The Left Hand of Morphisms

21 October 2001

Some people think -- subconsciously, I assume -- that if they're really friends with someone, if they know them and love them well, they can ignore them for weeks or months on end and nothing will change. They're wrong.

One of my oldest friends has this talent, only now I know how she does it. I called her yesterday afternoon, and oh, she was pleased to hear from me. But it was like I had been on pause, for the weeks and months she hadn't heard. I had thought, once, that she and I would be golden children together, that we would understand together the pressures that brings, and the joys. That we would be able to call each other, or write, and talk about our lives, really talk. That she would be one of the few who understood.

But it didn't work out like that. She gave up her music because her parents wanted her to, and now I can hear the sadness in her voice every time we talk. And twenty-four is too young to be yearning for the simpler days when we were young. She asked the strangest questions -- what kind of clothes am I wearing these days? What does it matter what kind of clothes I'm wearing these days, and how do I describe them? And all of a sudden I realized that the reason she could feel I was on pause is that all of my life, all of my activities are the same thing to her, and that is "what I could never have." So it's easy to see everything I do as part and parcel of the same, because it's been defined away as Not Her Life.

When we were little girls, my parents' house was the America she had wanted to emigrate to. It was quiet, with a piano and plenty of books, and the people there were kind to her and tried to help her rather than mocking her for her ever-diminishing accent. When my father teased her, it was always gently, and my mother's brownies were the ultimate symbol of American life, my mother's brownies and my miniskirts. But it was an American life she could handle, where she would pull away from more raucous houses with lots of children and parents who yelled casually.

I got her to agree to come for dinner by promising to make my mother's brownies. I do want to keep my old friend as a part of my life. But I don't see how she can really consider me a friend as long as I'm the symbol of what she couldn't have. I see that she does. I don't understand how. It confuses me. And what book I'm writing has attained equal significance with what clothes I'm wearing, because they're all in the vast expanse of Not Her.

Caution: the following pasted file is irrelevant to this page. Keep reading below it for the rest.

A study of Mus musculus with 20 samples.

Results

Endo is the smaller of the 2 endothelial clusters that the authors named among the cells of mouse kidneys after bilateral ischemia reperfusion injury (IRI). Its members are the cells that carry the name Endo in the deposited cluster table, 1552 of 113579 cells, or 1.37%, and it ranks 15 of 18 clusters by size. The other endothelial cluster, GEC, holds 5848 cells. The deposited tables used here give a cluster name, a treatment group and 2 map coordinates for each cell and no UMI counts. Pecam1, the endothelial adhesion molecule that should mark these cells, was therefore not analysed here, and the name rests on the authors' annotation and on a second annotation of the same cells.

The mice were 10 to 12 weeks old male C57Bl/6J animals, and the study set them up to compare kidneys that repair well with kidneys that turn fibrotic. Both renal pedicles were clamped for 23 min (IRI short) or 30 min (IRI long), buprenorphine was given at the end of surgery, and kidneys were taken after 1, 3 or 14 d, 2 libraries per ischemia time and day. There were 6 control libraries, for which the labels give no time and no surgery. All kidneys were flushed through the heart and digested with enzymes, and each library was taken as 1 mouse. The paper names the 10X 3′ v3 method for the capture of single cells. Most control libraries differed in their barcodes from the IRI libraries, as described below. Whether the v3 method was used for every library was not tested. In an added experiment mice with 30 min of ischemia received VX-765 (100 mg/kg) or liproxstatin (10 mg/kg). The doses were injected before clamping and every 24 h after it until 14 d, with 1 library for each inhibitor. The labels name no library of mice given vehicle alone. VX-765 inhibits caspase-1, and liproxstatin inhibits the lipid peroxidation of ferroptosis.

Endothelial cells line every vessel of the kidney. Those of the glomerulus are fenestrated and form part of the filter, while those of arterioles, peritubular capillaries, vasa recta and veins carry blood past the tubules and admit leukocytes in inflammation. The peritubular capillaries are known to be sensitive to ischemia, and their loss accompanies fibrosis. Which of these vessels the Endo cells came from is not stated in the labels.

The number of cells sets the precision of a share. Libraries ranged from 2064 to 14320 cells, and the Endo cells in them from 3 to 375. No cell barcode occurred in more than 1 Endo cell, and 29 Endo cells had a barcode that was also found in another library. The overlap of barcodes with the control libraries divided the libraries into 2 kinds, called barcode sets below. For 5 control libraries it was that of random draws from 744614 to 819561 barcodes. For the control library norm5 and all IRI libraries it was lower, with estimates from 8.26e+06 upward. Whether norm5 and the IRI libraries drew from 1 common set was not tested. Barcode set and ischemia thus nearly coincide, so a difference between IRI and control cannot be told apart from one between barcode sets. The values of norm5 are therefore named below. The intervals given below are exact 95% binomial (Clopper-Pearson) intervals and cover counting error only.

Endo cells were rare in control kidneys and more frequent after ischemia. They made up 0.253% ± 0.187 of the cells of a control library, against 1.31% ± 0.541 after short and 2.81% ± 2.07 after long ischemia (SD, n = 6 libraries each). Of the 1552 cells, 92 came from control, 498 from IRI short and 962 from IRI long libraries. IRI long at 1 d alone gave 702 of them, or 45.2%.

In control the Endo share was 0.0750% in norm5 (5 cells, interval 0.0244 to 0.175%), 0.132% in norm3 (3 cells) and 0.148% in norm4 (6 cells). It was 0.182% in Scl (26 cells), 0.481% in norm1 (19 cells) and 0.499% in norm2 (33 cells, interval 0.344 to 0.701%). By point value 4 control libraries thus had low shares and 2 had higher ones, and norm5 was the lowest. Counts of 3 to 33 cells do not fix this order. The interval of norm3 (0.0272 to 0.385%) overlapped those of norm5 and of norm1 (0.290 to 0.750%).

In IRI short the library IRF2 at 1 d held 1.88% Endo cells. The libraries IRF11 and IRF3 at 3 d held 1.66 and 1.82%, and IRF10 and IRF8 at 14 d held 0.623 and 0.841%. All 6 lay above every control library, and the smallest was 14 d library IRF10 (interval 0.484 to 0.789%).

Ah well.

Yesterday in Mary Anne's journal, she was talking about a book idea coming out of nowhere and bopping her on the head. Asked if that's how they work. Well, yep. It is. They smack you about and make you dizzy. Then they go away for awhile -- how long depends on the idea. Then they come back and bop you again. If they're like the Not the Moose Book, they sit and play your head like a trap set until you relent and write them. If they're like Accepting Alice, they sit back and poke every six months or so -- "I don't mean to bother you, but when you have a minute, I think there's a scene I need." And so on.

I hear tell that other people decide to write books. "I Want To Write A Book," they say. This confuses me greatly. I don't see what that has to do with anything at all. But then, I actively didn't want to write Fortress. I wanted to keep on with the collab with Timprov but not write my own solo novel for another six months to a year. That was the plan. Yeah. Whatever.

Now Mary Anne is not sure she's old enough to write this book and isn't sure anyone would want to read it and isn't sure it'd be worthwhile and isn't sure she has all the right elements. Well, of course not! Books don't get written because we're prepared and competent! They're like babies that way -- if you hold off having a baby until you're prepared and competent, you will be dead, and still have no baby. On a certain level, prepared and competent get us nowhere. Nobody is prepared and competent to dream and write enough of a world to write a novel. Nobody is prepared and competent to send it out again and again when someone decides to stomp on it. Nobody is prepared and competent enough to do it all over again with the next book idea that starts using their head for bongos, because I swear to you it is no easier the next time. But you do it anyway, because otherwise, you miss the chance. And because prepared and competent are overrated anyway.

Ah well. It's Ursula LeGuin's birthday. I'm going to celebrate by getting well. Really. I mean it this time.